Aimée Grant Cumberbatch wonders whether fashion is simply about making a statement
Statement fashion: it’s an overused word (statement shoes, statement bag, statement jewellery) and a marketing ploy we know well (buy these acid green stilettos and they’ll tell the world what you think about you). Fashion is an expressive form; it’s a means of communicating ideas, emotions and inspiration. But if clothes are a language, what are we stating? Once upon a time it might have been “I’m a punk” or “Two fingers to Thatcher” but these days it’s arguably more like “Look how much money I have” or “I don’t want anyone to know how much I care.”
Earlier this week at the Chanel Spring/Summer 2015 show, as good a stage to shock as any, Karl Lagerfeld made his version of a feminist statement. Stalking down the runway with quilted leather megaphones and bearing billboards which shouted slogans like ‘Ladies first’ and ‘Feminist but Feminine’, his models were styled as suffragettes for the 21st century.
With all major design houses, the showcasing of a collection is now about much more than the clothes, but this is especially true when it comes to Chanel. Set against a corner shop backdrop, last season’s show was a supermarket sweep that had the media asking all kinds of questions from “Is it a comment on consumerism?” to “Should this even be allowed?”.
Arguably the most interesting aspect of Lagerfeld’s catwalk shows is less their ability to provoke inquiry, but more their inability to answer it. Do any of us really believe that, after comments labelling Adele “too fat for fashion,” that the designer is really a feminist? Feminism is in fashion and Lagerfeld cleverly, has tapped into the zeitgeist with his tongue firmly in his cheek.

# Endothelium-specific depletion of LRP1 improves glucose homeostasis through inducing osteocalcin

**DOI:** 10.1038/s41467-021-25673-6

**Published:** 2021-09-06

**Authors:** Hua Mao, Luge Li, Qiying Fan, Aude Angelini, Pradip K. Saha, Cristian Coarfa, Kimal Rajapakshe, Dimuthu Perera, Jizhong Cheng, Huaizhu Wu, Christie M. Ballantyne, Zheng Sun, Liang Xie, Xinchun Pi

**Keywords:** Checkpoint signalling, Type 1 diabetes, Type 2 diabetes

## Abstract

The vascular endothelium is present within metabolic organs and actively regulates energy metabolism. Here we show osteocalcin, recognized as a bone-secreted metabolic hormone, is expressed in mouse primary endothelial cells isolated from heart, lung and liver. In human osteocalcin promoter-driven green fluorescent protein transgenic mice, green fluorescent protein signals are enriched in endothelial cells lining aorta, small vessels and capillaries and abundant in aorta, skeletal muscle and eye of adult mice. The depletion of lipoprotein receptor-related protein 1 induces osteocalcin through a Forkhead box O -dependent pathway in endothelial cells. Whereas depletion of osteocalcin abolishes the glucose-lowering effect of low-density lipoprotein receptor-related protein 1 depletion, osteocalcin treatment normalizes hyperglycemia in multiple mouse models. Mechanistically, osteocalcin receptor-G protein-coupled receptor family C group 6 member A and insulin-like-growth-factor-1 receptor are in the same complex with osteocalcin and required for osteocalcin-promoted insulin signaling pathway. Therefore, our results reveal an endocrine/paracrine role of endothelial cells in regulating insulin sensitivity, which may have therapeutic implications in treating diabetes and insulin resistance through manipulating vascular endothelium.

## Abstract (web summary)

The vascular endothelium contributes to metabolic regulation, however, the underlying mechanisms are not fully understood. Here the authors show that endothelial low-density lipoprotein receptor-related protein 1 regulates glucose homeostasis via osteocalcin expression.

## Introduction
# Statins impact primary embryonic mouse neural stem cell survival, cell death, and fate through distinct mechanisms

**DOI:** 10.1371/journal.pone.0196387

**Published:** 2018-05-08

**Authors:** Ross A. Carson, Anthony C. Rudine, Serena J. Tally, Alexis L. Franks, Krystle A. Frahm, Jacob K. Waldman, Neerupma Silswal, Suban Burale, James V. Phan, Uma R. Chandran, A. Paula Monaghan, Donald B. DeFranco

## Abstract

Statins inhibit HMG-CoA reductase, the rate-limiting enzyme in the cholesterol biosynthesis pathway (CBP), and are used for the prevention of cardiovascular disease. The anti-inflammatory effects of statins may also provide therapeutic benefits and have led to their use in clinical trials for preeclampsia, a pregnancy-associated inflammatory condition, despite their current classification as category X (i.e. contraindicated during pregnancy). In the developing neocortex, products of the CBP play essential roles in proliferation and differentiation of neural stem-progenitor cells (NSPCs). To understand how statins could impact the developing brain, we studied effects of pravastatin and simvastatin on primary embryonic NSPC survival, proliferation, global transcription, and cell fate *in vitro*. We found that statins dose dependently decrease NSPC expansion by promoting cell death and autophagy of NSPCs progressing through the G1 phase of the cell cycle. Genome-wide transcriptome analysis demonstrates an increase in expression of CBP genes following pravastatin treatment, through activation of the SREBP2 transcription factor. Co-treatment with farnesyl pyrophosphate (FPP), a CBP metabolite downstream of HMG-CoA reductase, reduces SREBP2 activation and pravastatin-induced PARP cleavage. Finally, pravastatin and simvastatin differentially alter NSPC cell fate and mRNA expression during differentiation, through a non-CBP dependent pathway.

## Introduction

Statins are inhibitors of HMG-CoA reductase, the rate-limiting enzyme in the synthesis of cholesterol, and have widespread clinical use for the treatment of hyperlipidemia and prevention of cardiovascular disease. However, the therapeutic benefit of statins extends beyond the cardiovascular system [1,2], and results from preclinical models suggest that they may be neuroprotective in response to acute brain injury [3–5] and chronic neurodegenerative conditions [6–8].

We don’t know what he really thinks, and he doesn’t want us to. His supposed statements are fairly inscrutable, neither celebration nor condemnation. This makes good economic sense and of course, keeps us guessing, which is crucial in an industry that likes to always be one step ahead.
What fashion doesn’t like is when the consumer gets too clever. We all bore witness to how the street style phenomenon, which began as a means of celebrating the statement-making power of the fashion everyman (and woman!), quickly turned into a circus of carefully calculated flamboyancy. Is it still a statement if all you’re saying is “Look at me!”?
The industry seems to have decided not. Yet Lagerfeld’s own cynical and business-like approach to statements won’t be making the history books either. So perhaps then they are a perfect symbol for the sartorial times we’re living in, what books will be written about the trends of the ’00s and ’10s, which riff endlessly on the clothing iconography of decades gone by? Who will write about university halls full of hipsters, who are only in it for the edge?
Maybe it’s time to relegate the ‘statement’ pieces to the back of the wardrobe and wear something that’s really worth talking about.